Godzilla: King Of The Monsters Theory Connects Mothra To The Humans

It’s been slightly over a week ago now since the magnificent debut trailer for Godzilla: King of the Monsters gave us our first glances at the latest renditions of the Big G’s old friends Mothra, Rodan, and King Ghidorah. And while Warner Bros. are understandably holding back on the full-body images, shrouding these animals in darkness and mist in order to build up the anticipation, the clips apparently reveal just enough to spark the imaginations of theory-loving fans.


The characters we refer to are Dr. Emma Russell and her daughter Madison, played by Vera Farmiga and Millie Bobby Brown, respectively. Though these two new characters seem to differ in many ways from the mini-twins of Mothra, one common theme between the duos is their ability to speak with the beast. Whearas the Shobijin regularly served as translators for their winged goddess, Farmiga recently reported that Dr. Russell “has figured out a way to communicate with the creatures…using their bioacoustics on a sonar level.”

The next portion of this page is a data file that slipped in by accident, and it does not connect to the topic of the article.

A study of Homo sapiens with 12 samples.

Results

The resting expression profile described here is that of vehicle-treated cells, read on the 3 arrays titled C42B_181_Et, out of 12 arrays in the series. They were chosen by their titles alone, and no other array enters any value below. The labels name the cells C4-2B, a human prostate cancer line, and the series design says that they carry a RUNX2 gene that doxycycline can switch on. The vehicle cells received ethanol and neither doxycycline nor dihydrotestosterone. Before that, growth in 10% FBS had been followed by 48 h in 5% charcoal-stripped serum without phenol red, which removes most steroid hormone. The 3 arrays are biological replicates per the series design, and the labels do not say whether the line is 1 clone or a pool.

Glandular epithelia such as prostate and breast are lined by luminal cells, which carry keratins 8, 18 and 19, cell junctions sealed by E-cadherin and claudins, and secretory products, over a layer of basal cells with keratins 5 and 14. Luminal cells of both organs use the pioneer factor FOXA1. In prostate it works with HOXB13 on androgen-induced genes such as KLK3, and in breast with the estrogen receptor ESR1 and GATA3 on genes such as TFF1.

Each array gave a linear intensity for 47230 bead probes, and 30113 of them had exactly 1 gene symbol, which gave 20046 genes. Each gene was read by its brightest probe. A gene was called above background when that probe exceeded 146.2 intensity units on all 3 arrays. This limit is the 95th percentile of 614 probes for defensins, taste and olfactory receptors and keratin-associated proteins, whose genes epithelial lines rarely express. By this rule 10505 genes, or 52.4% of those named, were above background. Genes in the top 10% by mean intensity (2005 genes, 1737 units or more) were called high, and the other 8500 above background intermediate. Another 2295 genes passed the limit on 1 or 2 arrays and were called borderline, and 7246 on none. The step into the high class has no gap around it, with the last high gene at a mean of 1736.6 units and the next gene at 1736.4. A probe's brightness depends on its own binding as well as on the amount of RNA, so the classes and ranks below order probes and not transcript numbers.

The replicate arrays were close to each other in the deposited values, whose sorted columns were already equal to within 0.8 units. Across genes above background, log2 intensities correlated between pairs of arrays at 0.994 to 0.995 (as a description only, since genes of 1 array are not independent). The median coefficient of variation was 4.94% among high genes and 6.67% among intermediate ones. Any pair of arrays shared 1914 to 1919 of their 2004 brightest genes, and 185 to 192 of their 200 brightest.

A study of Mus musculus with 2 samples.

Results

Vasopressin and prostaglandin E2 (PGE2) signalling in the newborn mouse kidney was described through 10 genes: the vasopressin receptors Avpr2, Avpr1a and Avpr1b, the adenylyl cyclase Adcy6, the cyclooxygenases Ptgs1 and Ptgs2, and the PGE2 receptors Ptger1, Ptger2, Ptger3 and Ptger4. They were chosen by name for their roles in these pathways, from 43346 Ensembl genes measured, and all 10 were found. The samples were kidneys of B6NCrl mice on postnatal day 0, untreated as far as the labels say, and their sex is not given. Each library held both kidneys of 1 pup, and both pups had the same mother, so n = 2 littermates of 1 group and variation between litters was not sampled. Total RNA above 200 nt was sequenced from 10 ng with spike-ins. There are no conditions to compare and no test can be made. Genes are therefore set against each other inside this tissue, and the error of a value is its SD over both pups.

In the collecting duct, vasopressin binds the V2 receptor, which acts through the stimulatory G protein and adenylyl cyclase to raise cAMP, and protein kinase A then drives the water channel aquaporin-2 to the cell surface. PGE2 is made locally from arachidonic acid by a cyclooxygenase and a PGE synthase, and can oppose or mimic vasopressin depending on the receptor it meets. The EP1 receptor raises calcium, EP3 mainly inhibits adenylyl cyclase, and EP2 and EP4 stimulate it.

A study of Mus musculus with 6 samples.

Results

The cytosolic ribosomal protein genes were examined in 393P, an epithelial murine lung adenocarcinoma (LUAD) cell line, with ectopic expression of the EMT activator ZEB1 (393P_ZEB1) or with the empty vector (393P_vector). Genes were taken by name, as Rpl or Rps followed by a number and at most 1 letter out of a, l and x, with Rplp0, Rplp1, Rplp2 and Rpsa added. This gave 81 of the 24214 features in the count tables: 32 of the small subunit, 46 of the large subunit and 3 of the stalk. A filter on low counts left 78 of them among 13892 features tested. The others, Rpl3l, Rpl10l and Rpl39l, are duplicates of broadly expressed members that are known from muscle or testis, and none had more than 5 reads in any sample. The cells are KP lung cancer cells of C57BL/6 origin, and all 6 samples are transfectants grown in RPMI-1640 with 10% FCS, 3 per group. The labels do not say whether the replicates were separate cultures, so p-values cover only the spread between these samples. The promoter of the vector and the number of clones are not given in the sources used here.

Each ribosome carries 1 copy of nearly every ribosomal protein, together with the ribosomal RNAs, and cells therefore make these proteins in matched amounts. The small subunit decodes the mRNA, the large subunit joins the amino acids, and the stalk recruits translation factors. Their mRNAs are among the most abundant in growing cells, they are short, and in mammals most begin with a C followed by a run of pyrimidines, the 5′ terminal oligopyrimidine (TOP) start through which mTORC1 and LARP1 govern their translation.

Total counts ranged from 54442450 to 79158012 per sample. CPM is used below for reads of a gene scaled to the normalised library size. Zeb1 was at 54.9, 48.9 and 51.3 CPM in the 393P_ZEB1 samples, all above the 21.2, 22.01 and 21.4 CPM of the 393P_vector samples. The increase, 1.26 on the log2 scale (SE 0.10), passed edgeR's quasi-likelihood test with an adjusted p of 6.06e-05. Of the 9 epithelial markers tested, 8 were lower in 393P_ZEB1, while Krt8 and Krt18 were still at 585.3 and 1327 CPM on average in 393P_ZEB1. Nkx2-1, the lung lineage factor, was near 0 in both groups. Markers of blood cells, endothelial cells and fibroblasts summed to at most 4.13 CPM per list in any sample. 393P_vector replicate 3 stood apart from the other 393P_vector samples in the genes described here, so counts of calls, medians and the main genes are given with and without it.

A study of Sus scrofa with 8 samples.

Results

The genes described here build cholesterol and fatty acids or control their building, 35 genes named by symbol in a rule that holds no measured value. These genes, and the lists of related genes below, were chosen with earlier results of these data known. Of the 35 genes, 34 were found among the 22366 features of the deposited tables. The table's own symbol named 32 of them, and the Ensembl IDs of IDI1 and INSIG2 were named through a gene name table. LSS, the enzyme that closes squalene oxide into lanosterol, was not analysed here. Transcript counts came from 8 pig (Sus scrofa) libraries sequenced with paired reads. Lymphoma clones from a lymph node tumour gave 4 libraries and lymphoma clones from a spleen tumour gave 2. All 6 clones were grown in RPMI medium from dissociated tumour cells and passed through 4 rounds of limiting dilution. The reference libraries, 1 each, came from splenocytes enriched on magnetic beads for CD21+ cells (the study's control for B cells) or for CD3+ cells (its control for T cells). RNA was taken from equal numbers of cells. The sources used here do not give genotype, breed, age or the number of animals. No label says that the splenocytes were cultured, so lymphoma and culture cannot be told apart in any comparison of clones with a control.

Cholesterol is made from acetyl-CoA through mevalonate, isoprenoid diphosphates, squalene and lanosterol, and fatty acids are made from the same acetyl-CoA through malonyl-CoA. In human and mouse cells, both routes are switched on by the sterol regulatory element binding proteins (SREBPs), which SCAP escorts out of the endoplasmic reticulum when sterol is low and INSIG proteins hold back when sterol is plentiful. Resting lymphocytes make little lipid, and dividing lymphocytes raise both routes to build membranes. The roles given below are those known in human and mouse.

As for Madison, while we certainly can’t rule out the young character getting involved in her mother’s monster-whispering work, she has her own potentially telling moment in the trailer when she stretches her hand out to feel a still-larval Mothra, suggesting that the film may build up an emotional connection between the human and the big bug. Add to this the fact that both Emma and Madison are both going to be kidnapped by a mysterious organization in the upcoming film and you’re looking at a pretty solid case, if still a rather speculative one at this early stage in the proceedings.

We’ll see how far the parallels between the Russells and the Shobijin go when Godzilla: King of the Monsters arrives in theaters on May 31st, 2019.